An Indian man is seen putting flowers on a cow.
An Indian government unit established to develop soaps and medicinal products from cow dung has branched out with a "chip" it claims can protect people from cellphone radiation.
Without explaining how the technology works, the head of the National Cow Commission -- set up last year -- said the device could simply be placed inside a mobile phone's protective cover.
"We have seen that if you keep this chip in your mobile, it reduces radiation significantly," chairman Vallabhbhai Kathiria told a news conference.
"Cow dung is anti-radiation, it protects all, if you bring this home your place will become radiation-free... All this has been approved by science," he said.
Kathiria provided no further details on what research had been done, and the announcement sparked considerable ridicule on social media.
Cows are considered sacred by the country's majority Hindus and eating beef is banned in many states.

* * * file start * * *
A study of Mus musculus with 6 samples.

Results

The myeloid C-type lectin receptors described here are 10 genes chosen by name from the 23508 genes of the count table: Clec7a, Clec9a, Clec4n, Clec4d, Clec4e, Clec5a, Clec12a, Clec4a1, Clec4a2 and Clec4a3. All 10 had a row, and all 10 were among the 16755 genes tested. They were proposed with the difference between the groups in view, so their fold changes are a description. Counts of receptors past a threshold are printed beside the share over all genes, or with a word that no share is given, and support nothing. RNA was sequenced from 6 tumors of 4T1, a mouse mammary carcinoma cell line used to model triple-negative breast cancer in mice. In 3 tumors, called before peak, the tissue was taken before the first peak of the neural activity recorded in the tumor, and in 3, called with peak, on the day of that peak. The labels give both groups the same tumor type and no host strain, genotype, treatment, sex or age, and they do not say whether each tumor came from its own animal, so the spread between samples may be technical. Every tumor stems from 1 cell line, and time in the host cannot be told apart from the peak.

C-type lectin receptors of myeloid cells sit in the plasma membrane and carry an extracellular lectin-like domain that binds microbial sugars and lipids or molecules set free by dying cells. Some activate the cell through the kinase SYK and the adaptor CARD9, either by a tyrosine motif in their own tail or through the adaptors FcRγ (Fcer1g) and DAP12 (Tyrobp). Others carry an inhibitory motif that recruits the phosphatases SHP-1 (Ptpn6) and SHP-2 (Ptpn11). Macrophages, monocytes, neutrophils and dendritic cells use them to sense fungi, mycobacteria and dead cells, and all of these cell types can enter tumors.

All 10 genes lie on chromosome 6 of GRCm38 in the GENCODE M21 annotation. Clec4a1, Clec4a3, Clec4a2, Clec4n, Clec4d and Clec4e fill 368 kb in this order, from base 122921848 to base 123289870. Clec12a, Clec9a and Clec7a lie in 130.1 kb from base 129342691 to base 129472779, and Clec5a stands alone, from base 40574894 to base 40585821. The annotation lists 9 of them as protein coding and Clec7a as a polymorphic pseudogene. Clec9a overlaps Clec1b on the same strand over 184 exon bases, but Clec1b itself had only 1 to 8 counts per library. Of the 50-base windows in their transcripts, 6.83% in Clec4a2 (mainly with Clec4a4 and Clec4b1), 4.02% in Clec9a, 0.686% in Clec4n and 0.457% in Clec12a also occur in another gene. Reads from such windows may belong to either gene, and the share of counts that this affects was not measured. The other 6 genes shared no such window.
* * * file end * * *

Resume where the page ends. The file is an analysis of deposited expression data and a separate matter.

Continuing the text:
Kathiria told the Indian Express newspaper the chips were being manufactured by more than 500 cow refuge shelters and cost around 100 rupees ($1.36).
"One person is exporting such chips to the US, where it is sold at about $10 each," he was quoted as saying by the English-language daily.
Since coming to power in 2014, Hindu nationalist Prime Minister Narendra Modi's party has earmarked millions of dollars for research into products using cow dung and urine.
Although there is no scientific evidence, several politicians from Modi's right-wing party have advocated using the dung and urine to cure the coronavirus.